This article was contributed by The Trust & Safety Professional Association

The Trust & Safety Professional Association (TSPA) is an organisation supporting the global community of professionals who develop and enforce principles and policies that define acceptable behaviour and content online. TSPA is a forum for professionals to connect with a network of peers, find resources for career development, and exchange best practices for navigating challenges unique to the profession.



In this Q&A, Adelin Cai and Clara Tsao, co-founders of the Trust and Safety Professional Association, explain how content moderation works and how the process is working to keep children safer online.

What is online trust and safety and content moderation? 

Through a combination of technology and real people manually looking at content, tech companies are doing a lot of work behind the scenes to help make online communities safer for your child. 

Online communities and services have been around for decades, and as they’ve grown, they’ve needed to work out what content and behaviour is appropriate on their platforms, and what’s not. In the tech world, this is broadly called “trust and safety.”

Content moderation is one form of trust and safety work, where professionals define and enforce the rules specifically for people using their platforms. This includes child safety, such as defining guidelines around bullying, or deciding what should be age-restricted. The rules aren’t the same across the board. Companies and websites have their own, varying, policies.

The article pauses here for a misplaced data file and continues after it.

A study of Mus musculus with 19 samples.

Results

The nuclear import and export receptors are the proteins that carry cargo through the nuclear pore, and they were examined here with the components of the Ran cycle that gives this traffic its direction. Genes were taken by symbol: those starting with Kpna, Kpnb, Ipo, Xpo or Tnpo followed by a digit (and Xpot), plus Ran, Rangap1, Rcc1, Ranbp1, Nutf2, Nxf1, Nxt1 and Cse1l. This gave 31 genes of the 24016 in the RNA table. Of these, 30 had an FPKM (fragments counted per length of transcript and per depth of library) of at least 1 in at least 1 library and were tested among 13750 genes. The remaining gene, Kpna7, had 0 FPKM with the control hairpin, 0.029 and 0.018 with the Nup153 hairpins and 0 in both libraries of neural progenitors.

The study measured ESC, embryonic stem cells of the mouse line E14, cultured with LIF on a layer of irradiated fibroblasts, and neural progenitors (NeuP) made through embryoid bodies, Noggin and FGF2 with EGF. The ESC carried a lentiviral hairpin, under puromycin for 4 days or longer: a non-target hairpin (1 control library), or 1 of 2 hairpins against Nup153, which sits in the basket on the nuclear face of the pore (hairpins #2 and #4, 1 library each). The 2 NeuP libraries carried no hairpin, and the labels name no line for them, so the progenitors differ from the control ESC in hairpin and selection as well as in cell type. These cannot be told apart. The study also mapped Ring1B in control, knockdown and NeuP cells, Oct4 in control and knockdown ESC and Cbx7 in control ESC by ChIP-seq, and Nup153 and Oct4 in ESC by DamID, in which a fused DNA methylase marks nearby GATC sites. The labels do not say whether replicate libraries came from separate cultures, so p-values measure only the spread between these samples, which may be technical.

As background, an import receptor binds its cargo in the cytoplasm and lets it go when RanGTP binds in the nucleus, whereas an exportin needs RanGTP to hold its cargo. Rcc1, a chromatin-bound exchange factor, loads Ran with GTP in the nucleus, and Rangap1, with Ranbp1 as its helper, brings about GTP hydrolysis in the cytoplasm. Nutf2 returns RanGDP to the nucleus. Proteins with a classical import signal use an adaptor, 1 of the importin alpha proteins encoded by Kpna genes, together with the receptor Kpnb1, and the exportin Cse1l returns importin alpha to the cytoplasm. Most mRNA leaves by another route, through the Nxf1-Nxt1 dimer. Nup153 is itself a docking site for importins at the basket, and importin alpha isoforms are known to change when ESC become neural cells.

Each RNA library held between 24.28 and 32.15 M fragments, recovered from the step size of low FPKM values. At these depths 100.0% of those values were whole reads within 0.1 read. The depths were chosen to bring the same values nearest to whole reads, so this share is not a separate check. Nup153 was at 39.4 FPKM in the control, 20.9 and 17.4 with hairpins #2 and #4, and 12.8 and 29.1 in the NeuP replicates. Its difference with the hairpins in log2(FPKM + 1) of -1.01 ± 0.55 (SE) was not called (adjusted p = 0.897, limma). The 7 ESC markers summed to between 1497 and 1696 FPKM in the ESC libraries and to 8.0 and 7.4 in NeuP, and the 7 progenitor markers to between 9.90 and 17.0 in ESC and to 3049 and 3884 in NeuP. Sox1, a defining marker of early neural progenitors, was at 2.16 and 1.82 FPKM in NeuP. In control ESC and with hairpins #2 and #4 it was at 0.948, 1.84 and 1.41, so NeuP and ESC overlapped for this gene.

Who does this work?

Today, there is a growing class of professionals working on trust and safety in online communities to help keep you and your child safer online. 
They work for large online services, small startups, and as volunteers. They sit anywhere from Silicon Valley (USA) and Dublin (Ireland) to Manila (Philippines) and Jakarta (Indonesia). 

Their experience ranges from frontline content reviewers assessing hundreds of thousands of pieces of content every day, to team leads responsible for engaging with subject matter experts on specialised topics like self-harm or radicalisation.

How do the different functions work to keep online spaces safer for your child?

In general, the following trust and safety functions exist:

  • Policy teams that set the rules or guidelines for appropriate content or behaviour.
  • Enforcement teams that apply the rules or guidelines through different types of processes, including:
    • reviewing and taking action against inappropriate content or behaviour that has been flagged by community reports or automated detection.
    • responding to people who need additional support as a result of the enforcement action.
    • responding to emergencies and sensitive incidents.
  • Technical teams that build the tools used to prevent and remove online abuse.
  • Research teams that identify new trends in child safety that need to be addressed. For example, if certain countries are proposing new age-verification systems.
  • Compliance teams that ensure that technology is designed with laws and regulations in mind —  such as the Age Appropriate Design Code in the UK — a set of 15 standards that online services should meet to protect children’s privacy. Or the Children’s Online Privacy Protection Act (COPPA) in the US, which places certain requirements on tech platforms providing services to children under 13 years old. 

What challenges do trust and safety professionals face?

They face a really important and difficult job. The people doing this work have to wrestle with thorny issues, day in and day out. They have to consider some complex policy issues; navigate problems like election interference, extremism, and harassment; and tackle spam, account takeovers, and fraud. While doing so, they are also working on safer spaces for connecting people, including children, online. 

You can find out more about the Trust & Safety Professional Association here.